Pollards of Beeston

Text & Photographs
© Ernest Pollard - 2006-2007

Page Design
© David Hallam - 2007

Lace made at Pollard's Factory Beeston and Lace Making - In the 18th century, Leicestershire, Derbyshire and Nottinghamshire were at the centre of a framework knitting industry, producing a wide range of garments in wool, silk and, later, cotton. This was a cottage industry, with hand-powered machines. It provided employment for the whole family, the men operating the heavy knitting machines, while the women and children sewed up garments, wound yarn and undertook other ancillary tasks. Some men prospered and became hosiers, renting out frames, providing the yarn and marketing the product; middlemen acted as links between hosier and knitters, and frame-smiths produced and developed the machines. Beeston was in the heart of this area, and some forty framework knitters are known in the parish in the period 1700-17401, the number increasing through the century.

There were many experimental developments in framework knitting, producing a range of textiles and garments. One aim was to develop a machine-made lace able to compete with the traditional, delicate, hand-made product. Machine lace became a speciality of the area around Nottingham, starting with plain net, embroidered by hand, and moving on to increasingly intricate machine patterning. By far the most complete history of this period, and the later development of the factory industry, is Nottingham Lace 1760s to 1950s by Sheila Mason2. The mature industry combined the inventive and precise technology of the machine makers with the artistry of the designers and the skill of the highly trained work force to produce lace which was often of great beauty.

Machine-made lace developed in many ways, but in our history of the Pollard lace makers, we are concerned almost exclusively with Leavers (often spelled Levers) lace machines. The inventor, in 1813, was John Leavers working in Nottingham3. By the time the Pollards got Pollard Family Tree under way, around 1860, the main experimental phase was over and Leavers machines were already capable of making fine patterned lace under steam power.These were "bobbin net" or "twist" machines, twisting vertical and horizontal threads together in complex patterns, and incidentally giving the highly skilled machine operators their name of "twisthands", once familiar and respected in Beeston. Leavers lace was mainly for garments, as opposed to the curtain lace of another major branch of the industry.

The first known Beeston factory lace maker4 was Henry Kirkland, working from about 1819 in Middle Street. In Villa Street, there was a lace factory in 18345 (and probably earlier) with eight hand-worked machines. The tenant, Thomas Elliott was still there in 1851, when he had 60 employees in his factory and was also a farmer on a small scale. Thomas Elliott moved elsewhere, but his factory survived as one of the oldest parts of the complex owned by the Pollards. The lease tells us that the factory adjoined a "new street, 5m wide", presumably Cross Street (Villa Street already existed and was named elsewhere in the lease). This building can be assumed to have been that known as Dobsonís Mill or Bank Factory, later part of Pollardís factory.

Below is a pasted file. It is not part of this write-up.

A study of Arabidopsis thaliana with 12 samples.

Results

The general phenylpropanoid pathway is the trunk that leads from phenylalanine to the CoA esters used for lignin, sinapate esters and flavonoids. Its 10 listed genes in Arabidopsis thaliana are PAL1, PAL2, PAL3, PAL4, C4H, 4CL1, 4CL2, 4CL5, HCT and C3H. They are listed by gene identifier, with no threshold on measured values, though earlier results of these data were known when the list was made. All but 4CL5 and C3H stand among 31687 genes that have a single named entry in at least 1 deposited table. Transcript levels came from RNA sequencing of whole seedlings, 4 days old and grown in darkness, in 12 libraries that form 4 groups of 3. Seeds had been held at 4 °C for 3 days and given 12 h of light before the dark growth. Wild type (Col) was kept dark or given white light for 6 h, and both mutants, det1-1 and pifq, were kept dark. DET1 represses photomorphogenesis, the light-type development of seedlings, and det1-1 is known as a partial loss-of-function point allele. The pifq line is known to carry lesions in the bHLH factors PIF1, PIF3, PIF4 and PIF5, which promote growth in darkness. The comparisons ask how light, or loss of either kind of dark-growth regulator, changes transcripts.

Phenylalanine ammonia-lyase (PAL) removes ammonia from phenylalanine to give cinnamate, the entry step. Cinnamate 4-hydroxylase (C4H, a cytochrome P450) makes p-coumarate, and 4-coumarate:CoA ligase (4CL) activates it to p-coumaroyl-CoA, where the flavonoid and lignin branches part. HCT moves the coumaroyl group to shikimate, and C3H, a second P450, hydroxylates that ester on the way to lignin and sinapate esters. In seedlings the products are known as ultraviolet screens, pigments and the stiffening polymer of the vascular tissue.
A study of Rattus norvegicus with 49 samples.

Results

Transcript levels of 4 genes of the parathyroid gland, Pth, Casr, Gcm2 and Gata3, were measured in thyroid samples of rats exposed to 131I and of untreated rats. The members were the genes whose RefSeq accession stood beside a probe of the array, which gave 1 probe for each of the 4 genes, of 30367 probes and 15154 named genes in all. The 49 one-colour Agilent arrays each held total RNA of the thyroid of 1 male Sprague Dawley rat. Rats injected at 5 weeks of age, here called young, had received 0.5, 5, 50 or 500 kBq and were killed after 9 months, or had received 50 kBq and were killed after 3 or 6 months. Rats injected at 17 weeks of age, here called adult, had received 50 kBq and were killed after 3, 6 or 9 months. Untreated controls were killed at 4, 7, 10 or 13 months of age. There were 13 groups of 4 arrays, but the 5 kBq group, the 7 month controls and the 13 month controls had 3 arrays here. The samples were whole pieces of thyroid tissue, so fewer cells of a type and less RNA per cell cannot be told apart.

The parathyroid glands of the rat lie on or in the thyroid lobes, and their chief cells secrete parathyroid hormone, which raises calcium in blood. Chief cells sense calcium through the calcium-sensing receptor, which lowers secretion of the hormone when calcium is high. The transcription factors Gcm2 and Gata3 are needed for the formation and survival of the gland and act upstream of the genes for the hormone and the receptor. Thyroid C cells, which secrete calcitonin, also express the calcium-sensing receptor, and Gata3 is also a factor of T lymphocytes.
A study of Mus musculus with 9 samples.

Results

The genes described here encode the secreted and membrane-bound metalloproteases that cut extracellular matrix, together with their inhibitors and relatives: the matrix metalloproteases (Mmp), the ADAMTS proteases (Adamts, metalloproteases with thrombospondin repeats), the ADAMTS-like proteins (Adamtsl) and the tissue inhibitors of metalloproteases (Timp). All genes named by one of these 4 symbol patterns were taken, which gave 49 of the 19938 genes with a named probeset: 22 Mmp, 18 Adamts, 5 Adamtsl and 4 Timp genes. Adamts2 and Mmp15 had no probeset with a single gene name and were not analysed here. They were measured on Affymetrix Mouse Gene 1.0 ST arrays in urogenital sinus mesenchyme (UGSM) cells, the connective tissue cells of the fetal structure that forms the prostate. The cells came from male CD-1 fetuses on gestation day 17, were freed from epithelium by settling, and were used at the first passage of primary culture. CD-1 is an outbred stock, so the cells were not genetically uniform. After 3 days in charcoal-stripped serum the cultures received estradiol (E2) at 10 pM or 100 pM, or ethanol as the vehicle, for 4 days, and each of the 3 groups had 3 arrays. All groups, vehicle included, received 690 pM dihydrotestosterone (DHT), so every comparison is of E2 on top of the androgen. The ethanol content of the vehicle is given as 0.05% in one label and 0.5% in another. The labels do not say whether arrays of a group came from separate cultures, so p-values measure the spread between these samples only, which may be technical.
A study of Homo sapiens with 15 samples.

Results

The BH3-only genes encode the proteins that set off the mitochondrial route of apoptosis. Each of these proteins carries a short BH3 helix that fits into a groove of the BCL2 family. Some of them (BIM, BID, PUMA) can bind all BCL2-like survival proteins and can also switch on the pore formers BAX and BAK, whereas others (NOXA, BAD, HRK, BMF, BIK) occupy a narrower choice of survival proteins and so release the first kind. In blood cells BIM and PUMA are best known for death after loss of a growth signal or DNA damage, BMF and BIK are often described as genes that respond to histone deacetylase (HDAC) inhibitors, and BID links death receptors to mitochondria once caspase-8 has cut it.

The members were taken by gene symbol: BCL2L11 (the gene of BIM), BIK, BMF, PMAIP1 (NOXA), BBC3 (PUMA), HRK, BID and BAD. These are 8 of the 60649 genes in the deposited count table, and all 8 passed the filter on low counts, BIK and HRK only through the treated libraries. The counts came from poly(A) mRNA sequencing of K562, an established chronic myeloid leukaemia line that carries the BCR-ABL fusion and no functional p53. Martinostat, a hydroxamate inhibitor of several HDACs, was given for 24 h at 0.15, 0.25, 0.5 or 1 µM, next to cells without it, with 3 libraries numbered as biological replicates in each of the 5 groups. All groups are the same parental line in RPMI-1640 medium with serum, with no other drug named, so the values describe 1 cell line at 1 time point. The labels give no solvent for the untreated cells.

The first of the Pollard family to live in and around Beeston was John Pollard, a tailor born at Ibstock in Leicestershire6. He married (in Bramcote) Sarah Asher of Beeston and the first of several children was Thomas, born in Chilwell in 1803. John the tailor lived at different times in Chilwell, Attenborough and Normanton, but eventually settled in Chapel Street, Beeston, in a house bought for him by his son Thomas7. John died in 1839 and Sarah in 18508.

After John the tailor, four generations of Pollards, Thomas, John, Arthur James and Arthur John (John jnr) made lace in Beeston, spanning the period from approximately 1840 to 1953. Inevitably this is a story of the men of the family, with the women getting virtually no mention; that was the way of the world.

1 Cooper, M, 1996, The Beeston Story, Nottinghamshire County Council Leisure Services.
2 Mason, S.A. 1994, Nottingham Lace 1760s to 1950s, Alan Sutton Publishing, Stroud. Further references to this book are designated S.M.
3 The author passed the house in Canning Circus, in which Leavers worked (bearing a plaque), daily on his way to school in Bulwell in the 1950s. The house has been demolished.
4 Initially, "lace makers" made plain net and "lace manufacturers" added the embroidered pattern. Later, the term "lace maker" was used for those who made patterned lace and "lace manufacturer for"the merchants, usually in the Nottingham Lace Market, who supervised dyeing , scalloping etc, in preparation for sale. In these terms therefore the Pollards were lace makers, yet in their c1904 letterhead, they describe themselves as manufacturers; more generally we have not found it possible to keep to the strict use of the terms - see S.M. p.128.
5 This Villa Street factory was the subject of a lease, in a collection of deeds etc. relating to Pollardís lace factory, seen by the author in the 1980s. The deeds were then held by the Nottingham solicitors, Hunt, Dickens and Willatt.
6 Based on family history research by the author. Johnís father, Robert of Ibstock, was also a tailor.
7 The house deeds were held by Chilwell Road Methodist Church and lent to John Pollard jnr; notes made by the author in 1985.
8 In the 1841 census Sarah was described as a leech woman; that is leeches for bleeding, a (dubious) cure for many ailments.